These Happy Golden Years by Laura Ingalls Wilder covers the time when Laura, at age 15, starts teaching school, to the time of her marriage at age 18.
It’s incredible to us today to think of someone teaching at age 15, before they have even finished high school. I don’t think that was the usual course even then, but a need arose, and Laura had passed the teaching examination and was willing to go.
This term was one of the most difficult of her life. The school was twelve miles from her home, and she boarded with the superintendent. His wife was sullen, mostly silent, and seemed to resent Laura’s being there. Later Laura heard her complaining about everything, not just Laura, so she knew it was just that she was unhappy in general rather than just resenting Laura. The woman was probably clinically depressed from what I can ascertain. At one point in the middle of the night she threatened her husband with a knife, but he talked her down. The conditions of both the house and the school were fairly primitive. The walls and floor of the school had cracked through which the cold seeped in. Sometimes Laura let the students do their lessons around the stove. Laura never really liked teaching, but it was a way she could earn money to help keep Mary in the college for the blind.
She was concerned that her youth and small stature would be a problem in trying to teach and discipline students who were bigger and older than she was. And indeed it was, but her parents’ good advice and her own ingenuity helped her over those hurdles.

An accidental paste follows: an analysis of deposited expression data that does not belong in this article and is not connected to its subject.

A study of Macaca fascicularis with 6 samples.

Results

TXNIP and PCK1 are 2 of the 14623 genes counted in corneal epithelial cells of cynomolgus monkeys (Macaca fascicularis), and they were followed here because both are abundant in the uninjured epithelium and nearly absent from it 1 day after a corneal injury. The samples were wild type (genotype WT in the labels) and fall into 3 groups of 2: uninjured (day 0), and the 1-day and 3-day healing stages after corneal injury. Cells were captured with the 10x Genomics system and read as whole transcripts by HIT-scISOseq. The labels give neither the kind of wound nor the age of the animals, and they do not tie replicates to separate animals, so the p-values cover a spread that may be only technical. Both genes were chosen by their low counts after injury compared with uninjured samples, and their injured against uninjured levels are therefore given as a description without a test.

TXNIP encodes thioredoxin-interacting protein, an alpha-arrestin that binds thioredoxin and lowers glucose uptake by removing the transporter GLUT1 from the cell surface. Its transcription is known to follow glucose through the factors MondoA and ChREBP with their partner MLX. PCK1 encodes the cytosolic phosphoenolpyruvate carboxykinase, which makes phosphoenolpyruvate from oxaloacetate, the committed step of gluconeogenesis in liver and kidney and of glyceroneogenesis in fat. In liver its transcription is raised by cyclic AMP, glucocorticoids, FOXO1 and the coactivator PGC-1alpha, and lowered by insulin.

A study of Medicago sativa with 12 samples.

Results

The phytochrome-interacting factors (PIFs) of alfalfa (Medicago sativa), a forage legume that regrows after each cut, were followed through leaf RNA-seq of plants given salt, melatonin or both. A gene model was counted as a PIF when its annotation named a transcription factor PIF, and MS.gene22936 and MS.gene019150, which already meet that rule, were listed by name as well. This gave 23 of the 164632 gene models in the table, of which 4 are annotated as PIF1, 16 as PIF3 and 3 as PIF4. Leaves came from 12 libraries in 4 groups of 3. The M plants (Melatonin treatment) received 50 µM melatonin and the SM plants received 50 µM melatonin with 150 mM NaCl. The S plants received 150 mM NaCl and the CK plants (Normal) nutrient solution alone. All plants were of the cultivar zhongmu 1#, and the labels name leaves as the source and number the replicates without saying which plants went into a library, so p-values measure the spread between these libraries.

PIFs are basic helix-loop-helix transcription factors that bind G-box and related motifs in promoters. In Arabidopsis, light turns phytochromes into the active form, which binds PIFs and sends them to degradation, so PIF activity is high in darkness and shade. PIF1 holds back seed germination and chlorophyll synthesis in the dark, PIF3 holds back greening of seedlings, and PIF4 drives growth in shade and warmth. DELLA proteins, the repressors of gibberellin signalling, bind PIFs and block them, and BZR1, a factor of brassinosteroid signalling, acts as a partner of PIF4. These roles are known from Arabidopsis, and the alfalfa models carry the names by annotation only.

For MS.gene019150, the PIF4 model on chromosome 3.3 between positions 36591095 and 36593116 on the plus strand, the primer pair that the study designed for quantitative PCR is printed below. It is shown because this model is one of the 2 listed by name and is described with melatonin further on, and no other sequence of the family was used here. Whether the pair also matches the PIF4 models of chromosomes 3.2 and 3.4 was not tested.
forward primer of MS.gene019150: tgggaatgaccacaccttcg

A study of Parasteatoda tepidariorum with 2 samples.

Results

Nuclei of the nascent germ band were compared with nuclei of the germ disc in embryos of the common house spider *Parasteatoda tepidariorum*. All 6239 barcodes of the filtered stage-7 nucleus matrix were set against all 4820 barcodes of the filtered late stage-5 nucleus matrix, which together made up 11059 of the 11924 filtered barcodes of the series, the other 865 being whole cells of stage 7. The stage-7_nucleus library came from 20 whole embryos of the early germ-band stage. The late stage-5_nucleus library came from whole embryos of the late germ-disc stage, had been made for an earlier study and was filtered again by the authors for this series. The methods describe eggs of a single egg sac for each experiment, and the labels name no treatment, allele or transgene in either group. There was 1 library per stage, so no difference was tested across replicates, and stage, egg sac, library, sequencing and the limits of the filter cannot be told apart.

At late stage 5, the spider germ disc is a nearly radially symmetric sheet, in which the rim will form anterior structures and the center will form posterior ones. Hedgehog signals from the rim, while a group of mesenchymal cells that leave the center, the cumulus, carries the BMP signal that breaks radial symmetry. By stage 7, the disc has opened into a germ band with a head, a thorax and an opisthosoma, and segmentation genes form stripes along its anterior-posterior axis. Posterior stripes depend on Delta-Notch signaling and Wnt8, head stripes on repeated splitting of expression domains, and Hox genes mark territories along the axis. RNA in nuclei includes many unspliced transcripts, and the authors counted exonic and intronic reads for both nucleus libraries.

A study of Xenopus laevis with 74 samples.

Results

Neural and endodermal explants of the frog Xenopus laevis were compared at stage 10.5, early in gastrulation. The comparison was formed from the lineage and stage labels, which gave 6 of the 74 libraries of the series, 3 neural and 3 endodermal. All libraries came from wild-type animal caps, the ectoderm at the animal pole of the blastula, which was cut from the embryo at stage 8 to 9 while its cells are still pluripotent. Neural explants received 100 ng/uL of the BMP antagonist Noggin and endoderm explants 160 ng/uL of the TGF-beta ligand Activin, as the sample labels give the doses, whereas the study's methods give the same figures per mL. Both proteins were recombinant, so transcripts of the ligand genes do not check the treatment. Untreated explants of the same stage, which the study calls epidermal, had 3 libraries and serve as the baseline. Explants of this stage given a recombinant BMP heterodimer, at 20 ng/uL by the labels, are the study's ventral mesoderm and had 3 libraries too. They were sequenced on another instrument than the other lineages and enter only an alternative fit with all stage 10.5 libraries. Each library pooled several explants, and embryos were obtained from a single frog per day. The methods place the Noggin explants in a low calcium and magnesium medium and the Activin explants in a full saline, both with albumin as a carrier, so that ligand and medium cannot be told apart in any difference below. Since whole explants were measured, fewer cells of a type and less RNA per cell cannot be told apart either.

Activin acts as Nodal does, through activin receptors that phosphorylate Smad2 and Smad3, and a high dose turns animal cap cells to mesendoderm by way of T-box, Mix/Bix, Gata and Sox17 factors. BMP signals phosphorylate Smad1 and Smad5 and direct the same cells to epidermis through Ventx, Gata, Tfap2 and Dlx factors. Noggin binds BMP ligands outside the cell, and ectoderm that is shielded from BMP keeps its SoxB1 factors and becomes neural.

The only thing that made this time bearable was the fact that it was only for that one term, plus Almanzo Wilder came and picked her up every Friday afternoon, took her home, and brought her back every Sunday. When her students referred to him as her beau, she didn’t want him to get the wrong idea, and told him she was just riding with him to get home, not because she had any interest in him. She expected he wouldn’t keep coming after that, but he did.
Finally the term was over and she was back at home, attending her own classes, which she had been able to keep up with by studying on her own. On weekends a lot of the young people paired up to go sleighing around town. Laura was feeling lonely and out of it when Almanzo came and asked if she’d like to go with him. Thus started a habit that continued on, riding the sleigh in the winter and the buggy in the spring and summer. Laura was not afraid even when Almanzo was breaking new horses in with the buggy, and she had to jump in as Almanzo could only pause for a few seconds before the horses took off again.
She taught two more terms of school in different places, continued with her own schooling, helped at home. Mary came home for a couple of visits. I enjoyed seeing Carrie mature and the relationship between her and Laura grow, as well as the rejoicing in the family when any one of them received something or had a good opportunity. Pa would have liked to move the family on again where the land was less settled, but he didn’t. Her descriptions of a couple of dresses Ma made, with all the detail, layers, lining, and bustle, made me very glad that fashions have changed since that time!
Almanzo was a quiet, not pushy, but persistent suitor. Laura didn’t give him much encouragement, as he was ten years older. At one point when someone called Laura a young lady, “she was startled” and had not thought of herself in that way and “was not sure she liked” it. But when Nellie Oleson tried to horn her way in to his attentions, I think perhaps Laura understood then just how much she actually did care for Almanzo. In Pioneer Girl, she wrote that after he had been away for a few months, “I hadn’t known that I missed him, but it was good to see him again, gave me a homelike feeling.” The way they got engaged was both sweet and funny.
One of my favorite scenes in the book is when she’s admiring their new home, particularly the spaciousness and organization of the kitchen and pantry that he had crafted for her.
I very much enjoyed this reread of this book.